NOAA Guide to Assessing Green Infrastructure Costs and Benefits for Flood Reduction
NOAA provides communities with a six-step process to assess the costs and benefits of green infrastructure (GI) to reduce flooding in this report. Communities can use this guide to inform flood risk planning, and to assess the cost effectiveness of implementing green infrastructure projects. The primary steps and related actions provided in the guide are designed to lead a community to the implementation of a green infrastructure strategy for a given watershed.
The guide is based on experiences from three pilot studies in the Great Lakes region (Duluth, Minnesota; Toledo, Ohio; and Green Bay, Wisconsin) as well as a community workshop on the He‘eia watershed in Hawaii to test transferability. Specific examples from these four case studies are also provided for each step to illustrate implementation of specific tasks and offer lessons learned.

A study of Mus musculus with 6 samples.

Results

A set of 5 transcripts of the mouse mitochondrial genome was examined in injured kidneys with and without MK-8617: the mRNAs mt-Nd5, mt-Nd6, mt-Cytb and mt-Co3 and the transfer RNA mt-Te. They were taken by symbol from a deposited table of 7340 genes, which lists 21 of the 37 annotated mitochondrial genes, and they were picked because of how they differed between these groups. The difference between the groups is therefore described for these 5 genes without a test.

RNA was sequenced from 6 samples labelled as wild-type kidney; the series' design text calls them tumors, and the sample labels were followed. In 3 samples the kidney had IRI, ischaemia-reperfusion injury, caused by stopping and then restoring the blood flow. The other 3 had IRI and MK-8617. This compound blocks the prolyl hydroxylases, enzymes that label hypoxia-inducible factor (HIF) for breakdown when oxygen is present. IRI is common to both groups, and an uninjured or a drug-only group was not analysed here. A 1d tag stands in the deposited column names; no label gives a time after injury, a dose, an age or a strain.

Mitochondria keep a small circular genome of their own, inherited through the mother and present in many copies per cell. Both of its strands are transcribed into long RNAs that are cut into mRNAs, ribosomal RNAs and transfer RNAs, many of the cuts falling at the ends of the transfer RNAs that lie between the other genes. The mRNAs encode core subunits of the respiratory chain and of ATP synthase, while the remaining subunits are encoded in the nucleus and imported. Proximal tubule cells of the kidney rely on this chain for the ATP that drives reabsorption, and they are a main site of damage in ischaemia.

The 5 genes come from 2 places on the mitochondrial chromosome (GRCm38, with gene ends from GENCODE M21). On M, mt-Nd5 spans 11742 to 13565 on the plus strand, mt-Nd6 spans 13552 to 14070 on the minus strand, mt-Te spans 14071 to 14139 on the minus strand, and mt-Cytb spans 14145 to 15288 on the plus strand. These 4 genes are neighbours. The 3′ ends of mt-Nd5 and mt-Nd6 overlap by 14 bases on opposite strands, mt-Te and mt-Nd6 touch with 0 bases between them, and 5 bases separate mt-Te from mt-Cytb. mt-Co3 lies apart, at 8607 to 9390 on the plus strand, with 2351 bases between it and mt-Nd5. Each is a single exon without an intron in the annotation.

Related resources (by topic)
Practical suggestions for protecting people and property during flooding events.
Using Buffalo, New York as a primary case study, this report explores both the challenges and winning strategies for advocating for neighborhood-level green infrastructure solutions. It focuses on a project called “PUSH Blue,” supported by the non-profit People United for…
The American Flood Coalition’s Flood Funding Finder is the first tool of its kind that uses a robust filtering system to prioritize the needs of small communities and help them identify the right federal funding programs to fund flood resilience. While…
Organizational Sponsor: Anthropocene Alliance, Natural Hazard Mitigation Association Summary: Interested in ‘nature-based’ or ‘green infrastructure’ solutions to flooding? This training explains what it is and how it works.